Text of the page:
Submitted to: Journal of Industrial Microbiology and Biotechnology
Publication Type: Peer Reviewed Journal
Publication Acceptance Date: May 20, 2005
Publication Date: May 20, 2005
Citation: Liu, S., Nichols, N.N., Dien, B.S., Cotta, M.A. 2006. Metabolic engineering of a Lactobacillus plantarum double LDH knockout strain for enhanced ethanol production. Journal of Industrial Microbiology and Biotechnology. 33(1):1-7. Interpretive Summary: Commercial ethanol fermentation biotechnology is currently based on a relatively small number of microorganisms that are limited to fermenting hexose sugar derived from rather expensive corn starch. A cost-effective process for fuel ethanol production will depend on economic conversion of abundant and renewable lignocellulosic biomass to ethanol and other chemicals. There are no known naturally occurring microorganisms that can directly ferment agricultural biomass efficiently into ethanol. Therefore, it is important to search or engineer industrially robust strains that can ferment mixtures of sugars derived from renewable biomass to ethanol. In this study, a robust food-grade organism was engineered for the production of ethanol. The recombinant strain grew slightly faster than the parent and produced 90-158 mM ethanol. Results will be valuable to researchers designing improved biocatalysts for ethanol production.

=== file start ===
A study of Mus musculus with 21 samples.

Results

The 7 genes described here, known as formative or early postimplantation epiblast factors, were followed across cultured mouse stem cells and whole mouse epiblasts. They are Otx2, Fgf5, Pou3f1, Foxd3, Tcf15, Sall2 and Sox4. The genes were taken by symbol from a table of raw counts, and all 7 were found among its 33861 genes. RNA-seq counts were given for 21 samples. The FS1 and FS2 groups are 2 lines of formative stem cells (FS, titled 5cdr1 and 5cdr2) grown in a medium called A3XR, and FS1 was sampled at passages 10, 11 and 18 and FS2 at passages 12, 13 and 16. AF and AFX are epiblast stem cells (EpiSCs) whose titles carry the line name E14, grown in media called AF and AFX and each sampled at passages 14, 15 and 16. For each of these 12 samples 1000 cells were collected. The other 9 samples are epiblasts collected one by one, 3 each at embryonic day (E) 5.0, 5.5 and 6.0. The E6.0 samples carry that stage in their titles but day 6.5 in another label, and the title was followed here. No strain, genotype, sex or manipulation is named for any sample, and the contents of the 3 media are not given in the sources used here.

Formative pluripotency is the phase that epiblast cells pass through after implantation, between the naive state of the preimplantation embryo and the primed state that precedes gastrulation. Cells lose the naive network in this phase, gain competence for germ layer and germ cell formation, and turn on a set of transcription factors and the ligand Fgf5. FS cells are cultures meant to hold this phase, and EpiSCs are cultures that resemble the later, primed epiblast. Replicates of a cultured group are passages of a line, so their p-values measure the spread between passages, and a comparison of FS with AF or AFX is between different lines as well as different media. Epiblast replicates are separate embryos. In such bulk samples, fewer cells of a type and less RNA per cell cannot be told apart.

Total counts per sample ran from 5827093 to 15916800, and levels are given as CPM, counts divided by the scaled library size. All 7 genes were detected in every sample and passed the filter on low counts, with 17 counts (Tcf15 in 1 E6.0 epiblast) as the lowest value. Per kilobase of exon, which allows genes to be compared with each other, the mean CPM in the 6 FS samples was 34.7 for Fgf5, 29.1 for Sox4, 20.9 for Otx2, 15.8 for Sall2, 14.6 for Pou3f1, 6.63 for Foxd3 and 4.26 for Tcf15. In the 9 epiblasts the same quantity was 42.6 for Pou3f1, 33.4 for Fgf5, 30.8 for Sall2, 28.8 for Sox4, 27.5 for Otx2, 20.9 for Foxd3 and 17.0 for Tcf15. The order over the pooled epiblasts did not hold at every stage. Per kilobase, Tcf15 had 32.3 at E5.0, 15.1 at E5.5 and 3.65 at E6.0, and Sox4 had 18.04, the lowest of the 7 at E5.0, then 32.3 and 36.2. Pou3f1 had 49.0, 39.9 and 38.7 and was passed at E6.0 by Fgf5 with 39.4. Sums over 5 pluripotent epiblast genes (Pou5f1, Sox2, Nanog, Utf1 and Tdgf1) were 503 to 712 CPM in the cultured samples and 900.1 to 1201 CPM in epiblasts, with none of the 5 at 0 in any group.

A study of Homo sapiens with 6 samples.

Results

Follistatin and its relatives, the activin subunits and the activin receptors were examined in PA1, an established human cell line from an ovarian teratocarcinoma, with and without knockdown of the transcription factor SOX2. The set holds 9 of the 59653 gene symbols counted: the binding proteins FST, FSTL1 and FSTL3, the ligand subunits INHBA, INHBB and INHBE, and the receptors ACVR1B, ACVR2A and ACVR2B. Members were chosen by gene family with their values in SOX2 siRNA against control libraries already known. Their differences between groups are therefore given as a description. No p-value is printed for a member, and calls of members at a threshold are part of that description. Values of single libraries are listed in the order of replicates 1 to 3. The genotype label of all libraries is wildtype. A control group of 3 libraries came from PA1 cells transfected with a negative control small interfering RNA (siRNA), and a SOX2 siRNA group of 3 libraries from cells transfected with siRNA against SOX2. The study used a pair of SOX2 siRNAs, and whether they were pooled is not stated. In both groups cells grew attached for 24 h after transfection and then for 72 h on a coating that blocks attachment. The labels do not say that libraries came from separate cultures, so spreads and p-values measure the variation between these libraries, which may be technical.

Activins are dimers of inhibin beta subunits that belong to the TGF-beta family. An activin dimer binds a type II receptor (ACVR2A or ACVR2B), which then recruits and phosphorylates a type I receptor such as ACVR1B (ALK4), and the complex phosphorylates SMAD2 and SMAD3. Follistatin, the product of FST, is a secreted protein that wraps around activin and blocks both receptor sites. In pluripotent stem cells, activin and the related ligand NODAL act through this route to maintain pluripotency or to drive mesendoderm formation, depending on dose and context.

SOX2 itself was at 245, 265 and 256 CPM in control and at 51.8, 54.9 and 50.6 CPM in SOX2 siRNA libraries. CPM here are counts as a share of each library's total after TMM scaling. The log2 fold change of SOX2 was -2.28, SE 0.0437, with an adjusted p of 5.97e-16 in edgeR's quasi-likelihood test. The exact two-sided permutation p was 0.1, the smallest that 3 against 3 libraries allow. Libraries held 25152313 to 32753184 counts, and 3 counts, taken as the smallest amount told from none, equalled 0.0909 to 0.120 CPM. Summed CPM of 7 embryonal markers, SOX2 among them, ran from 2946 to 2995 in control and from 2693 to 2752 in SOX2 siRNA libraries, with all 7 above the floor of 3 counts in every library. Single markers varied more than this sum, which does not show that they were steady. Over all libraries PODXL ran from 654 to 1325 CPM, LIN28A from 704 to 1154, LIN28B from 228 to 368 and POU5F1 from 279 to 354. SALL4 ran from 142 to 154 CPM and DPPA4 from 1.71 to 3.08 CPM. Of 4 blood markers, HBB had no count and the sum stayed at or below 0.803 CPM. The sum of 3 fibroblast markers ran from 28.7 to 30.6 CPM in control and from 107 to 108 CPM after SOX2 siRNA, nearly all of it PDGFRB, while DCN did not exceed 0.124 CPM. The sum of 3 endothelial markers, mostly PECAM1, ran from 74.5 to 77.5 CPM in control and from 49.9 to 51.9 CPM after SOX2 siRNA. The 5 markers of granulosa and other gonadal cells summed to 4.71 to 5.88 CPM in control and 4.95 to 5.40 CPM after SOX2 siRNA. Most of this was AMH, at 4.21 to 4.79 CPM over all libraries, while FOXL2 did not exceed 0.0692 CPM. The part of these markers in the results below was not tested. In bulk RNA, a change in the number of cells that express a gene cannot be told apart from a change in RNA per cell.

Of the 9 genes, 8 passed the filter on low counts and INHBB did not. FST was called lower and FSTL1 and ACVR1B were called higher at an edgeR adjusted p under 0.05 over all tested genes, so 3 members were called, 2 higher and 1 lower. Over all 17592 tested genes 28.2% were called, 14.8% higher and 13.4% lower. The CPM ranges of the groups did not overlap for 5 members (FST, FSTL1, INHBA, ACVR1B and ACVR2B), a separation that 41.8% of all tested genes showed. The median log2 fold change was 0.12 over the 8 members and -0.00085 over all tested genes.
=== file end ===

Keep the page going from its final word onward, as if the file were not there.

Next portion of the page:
Technical Abstract: Lactobacillus plantarum ferments glucose through the Embden-Meyerhof-Parnas pathway, the central metabolite pyruvate is converted into lactate via lactate dehydrogenase (LDH). By substituting LDH with pyruvate decarboxylase (PDC) activity, pyruvate may be redirected toward ethanol production instead of lactic acid fermentation. A pyruvate decarboxylase gene from the Gram-positive bacterium Sarcina ventriculi (Spdc) was introduced into a LDH deficient strain, L. plantarum TF103, in which both the ldhL and ldhD genes were inactivated. Four different fusion genes between Spdc and either the S. ventriculi promoter or three Lactococcus lactis promoters in pTRKH2 were introduced into TF103. PDC activity was detected in all four recombinant strains. The engineered strains were examined for production of ethanol and other metabolites in flask fermentations. The recombinant strains grew slightly faster than the parent and produced 90-158 mM ethanol. The simultaneous insertion of pdc and inactivation of ldh by direct gene replacement could be an alternative approach to facilitate growth and increase ethanol production by lactic acid bacteria.